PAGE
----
Vet Adventures: How Not to Treat a Horse’s Wound

Dr. Diehl’s wound treatment advice goes unheeded until a certain turn of events.

A vet applies a bandage to a leg wound on a horse
Photo by wavebreakmedia/shutterstock

I’d been treating my patient, a sweet Quarter Horse mare named Maizey, for almost two weeks. Maizey had been running loose in a side pasture and got tangled in some fencing wire. I’d spent a very long night stitching the horse’s chest and torso back together. I wasn’t terribly worried about those wounds; it was the horse’s leg wound that was the problem.

The wire had wrapped around Maizey’s lower front leg and had tightened like a tourniquet. As the poor mare fought to get free, she succeeded in lacerating and degloving the cannon area from the knee to the ankle, and there was almost 5 inches of exposed bone on the leg with a large slab of damaged tissues hanging from the leg.

Purple Power

Fortunately, Celia realized quickly that her beloved mare was missing, and she and her husband went searching for her. Carl had cut Maizey free from the wire and pulled out his pet remedy: the purple spray found in almost every barn, despite me scolding him every time he used it.

By the time I arrived, Maizey was purple as well as red from the blood, and after I’d finished cleaning her up, I was purple and red from head to toe as well.

Carl roared with laughter when he saw me and informed me that I was going to be purple for some time, “cause that ain’t gonna wash off easily, Doc. It’s good strong stuff, and that’s why I like it.”

I’d gritted my teeth and pulled out a bottle of rubbing alcohol to clean my hands and arms. My clothing was beyond help, and I knew from experience that the stains weren’t coming out. Carl received another scolding from both Celia and I, but he paid no attention.

Carl suffered from chronic kidney and bladder stones, and lately he was visiting his doctor more and more frequently. After ribbing me for a while, he’d hopped in his truck to head to an appointment.

When Celia led Maizey down the aisle toward me for our weekly recheck, I could tell by her face that Carl had been at it again. There was a Vetrap and duct tape bandage on the horse’s lower leg that had slid down and was flopping around the ankle, exposing the wound. Even worse, it was purple again.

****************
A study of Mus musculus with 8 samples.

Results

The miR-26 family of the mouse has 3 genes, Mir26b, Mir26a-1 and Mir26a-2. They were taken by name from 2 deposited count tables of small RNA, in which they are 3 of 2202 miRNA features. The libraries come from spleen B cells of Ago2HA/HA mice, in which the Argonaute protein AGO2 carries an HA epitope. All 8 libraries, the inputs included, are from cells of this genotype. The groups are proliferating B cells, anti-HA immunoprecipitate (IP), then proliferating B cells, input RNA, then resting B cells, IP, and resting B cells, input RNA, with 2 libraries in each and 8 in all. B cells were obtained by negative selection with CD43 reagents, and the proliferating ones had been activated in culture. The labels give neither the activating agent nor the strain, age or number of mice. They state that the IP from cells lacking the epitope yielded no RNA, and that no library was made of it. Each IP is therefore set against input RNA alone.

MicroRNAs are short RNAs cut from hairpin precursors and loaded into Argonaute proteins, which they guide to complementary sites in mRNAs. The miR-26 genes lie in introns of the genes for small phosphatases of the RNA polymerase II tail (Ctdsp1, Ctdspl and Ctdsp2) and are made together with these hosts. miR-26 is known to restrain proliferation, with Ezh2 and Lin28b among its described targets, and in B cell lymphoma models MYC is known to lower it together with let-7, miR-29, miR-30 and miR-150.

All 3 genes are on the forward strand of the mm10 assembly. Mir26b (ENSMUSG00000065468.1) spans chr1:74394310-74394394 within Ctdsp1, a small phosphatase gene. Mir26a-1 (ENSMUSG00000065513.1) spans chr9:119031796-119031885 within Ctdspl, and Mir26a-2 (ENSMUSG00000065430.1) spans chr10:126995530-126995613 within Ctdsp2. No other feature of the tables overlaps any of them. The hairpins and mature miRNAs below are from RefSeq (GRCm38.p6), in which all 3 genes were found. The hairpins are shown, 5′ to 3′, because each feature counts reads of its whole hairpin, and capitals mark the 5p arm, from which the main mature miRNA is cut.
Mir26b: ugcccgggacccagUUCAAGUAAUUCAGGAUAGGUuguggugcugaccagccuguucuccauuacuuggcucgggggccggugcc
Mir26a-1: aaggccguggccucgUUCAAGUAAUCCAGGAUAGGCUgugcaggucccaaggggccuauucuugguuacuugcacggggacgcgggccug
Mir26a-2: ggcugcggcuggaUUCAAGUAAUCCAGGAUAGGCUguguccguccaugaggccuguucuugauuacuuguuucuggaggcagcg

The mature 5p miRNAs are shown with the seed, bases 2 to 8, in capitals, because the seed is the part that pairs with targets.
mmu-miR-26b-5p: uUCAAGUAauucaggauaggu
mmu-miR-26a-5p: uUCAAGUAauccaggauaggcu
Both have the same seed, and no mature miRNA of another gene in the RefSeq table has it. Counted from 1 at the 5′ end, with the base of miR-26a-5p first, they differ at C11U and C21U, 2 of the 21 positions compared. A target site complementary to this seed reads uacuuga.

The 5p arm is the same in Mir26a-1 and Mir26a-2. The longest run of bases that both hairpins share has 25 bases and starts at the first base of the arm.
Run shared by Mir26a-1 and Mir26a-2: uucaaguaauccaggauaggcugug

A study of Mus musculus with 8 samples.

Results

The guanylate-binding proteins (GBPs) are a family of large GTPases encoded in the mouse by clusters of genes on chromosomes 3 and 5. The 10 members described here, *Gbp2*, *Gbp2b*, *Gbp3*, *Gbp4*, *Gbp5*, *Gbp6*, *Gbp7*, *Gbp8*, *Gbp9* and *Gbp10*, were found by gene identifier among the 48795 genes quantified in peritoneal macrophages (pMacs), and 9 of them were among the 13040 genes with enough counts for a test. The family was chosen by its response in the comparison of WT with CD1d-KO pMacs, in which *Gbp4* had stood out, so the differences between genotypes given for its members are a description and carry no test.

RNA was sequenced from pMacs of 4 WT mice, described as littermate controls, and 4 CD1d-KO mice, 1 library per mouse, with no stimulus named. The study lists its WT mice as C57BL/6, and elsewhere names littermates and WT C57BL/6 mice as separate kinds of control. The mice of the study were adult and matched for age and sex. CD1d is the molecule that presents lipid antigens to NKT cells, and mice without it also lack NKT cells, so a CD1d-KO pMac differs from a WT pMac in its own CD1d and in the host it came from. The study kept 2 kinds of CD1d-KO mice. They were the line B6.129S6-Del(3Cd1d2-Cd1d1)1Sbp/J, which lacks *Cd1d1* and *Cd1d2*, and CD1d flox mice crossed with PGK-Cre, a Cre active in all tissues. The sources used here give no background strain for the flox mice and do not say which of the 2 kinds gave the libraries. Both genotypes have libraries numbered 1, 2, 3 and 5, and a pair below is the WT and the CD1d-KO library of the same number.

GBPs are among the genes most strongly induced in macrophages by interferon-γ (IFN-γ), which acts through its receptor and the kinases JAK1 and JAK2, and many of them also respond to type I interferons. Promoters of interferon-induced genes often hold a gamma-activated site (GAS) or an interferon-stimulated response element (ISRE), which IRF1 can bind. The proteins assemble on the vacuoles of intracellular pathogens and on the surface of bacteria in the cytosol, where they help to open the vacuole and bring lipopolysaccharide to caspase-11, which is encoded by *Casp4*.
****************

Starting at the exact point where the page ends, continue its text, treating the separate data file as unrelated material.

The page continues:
Celia brought her horse to a halt in front of me and gave me her special exasperated-with-Carl death look. I knew Carl was in for it when he returned from yet another doctor’s appointment.

“Let’s see what we’ve got, Celia,” I said as I began to cut the bandage off. “Maybe Carl went easy this time.”

Chemical Overload on the Wound

Unfortunately, Carl had not gone easy this time. In fact, he’d outdone himself, and I groaned when I saw a thick coating of the stuff on the leg.

Maizey had a stained muzzle from licking at the wound, and the horse left a large colorful smear across Celia’s barn jacket. Celia dragged the hose over grimly and began to wash the wound, as purple water ran across the barn floor and down the drain.

It took almost 30 minutes to get Maizey cleaned up, and because the spray was almost 90 percent alcohol, I had to place a special dressing on the leg. Wounds don’t like caustic chemicals and get irritated very easily. If all infection is gone, they prefer a clean, moist and quiet healing environment so that the healing cells can migrate to where they’re needed and not be disturbed, irritated by chemicals or scrubbed off by overzealous wound cleanings. My old mentor, Dr. George Platt, used to tell me sternly that if I wouldn’t put a particular substance in my eye, don’t put it on a horse’s wound, and I followed those instructions religiously.

As I finished bandaging Maizey, Celia muttered that she was going to put a padlock on the stall door to keep Carl out. As I walked out of the barn, I heard the familiar roar of Carl’s old truck, and soon he was parking in front of the barn. Celia remained behind, presumably to throw away every bottle of purple stuff that she could find. But when she heard the truck pull up, she hastened out of the barn, clutching a remaining can of the spray.

Giving Up for Good

Carl exited his truck and slowly walked toward us. Patch, his beloved Border Collie, shot out from underneath a nearby bush and followed him over.

“Carl, are you OK?” I asked. I’d never once seen Carl move slowly.

He grimaced. “They flushed out the plumbing today.” He pointed miserably at his groin. “It hurts like hell, Doc.”

Celia was moving towards us shaking the spray menacingly, and on a whim, I grabbed the bottle from her and started reading the label out loud.

“Ninety percent alcohol, wow, that’ll burn out just about any infection! And gentian violet soaks deeply into inflamed tissues. You might pee purple for a while, but Carl, you should use this stuff to treat your bladder infection!”

Carl looked me in horror, and I gave him an innocent smile and offered him the bottle. He muttered something, then headed to the house in a stiff, crouching gait, Patch at his side.

Celia was howling with laughter.

“Oh dear! Dr. Diehl, I don’t know what gets into you sometimes! I bet Carl never goes near this stuff again!”

Eventually I started packing up my truck. Celia gave me a quick hug, then smiled sadly.

“I better go tend to my husband, Doc. He’s not getting any younger and this bladder problem really worries me.”

I was starting to feel a little guilty, but Celia winked at me.

“I think I’ll hang a bottle of that purple stuff on the refrigerator door. Then he won’t eat all the ice cream.”

Also Read: More Editions of Vet Adventures

This column about treating a horse’s wound appeared in the August 2022 issue of Horse Illustrated magazine. Click here to subscribe!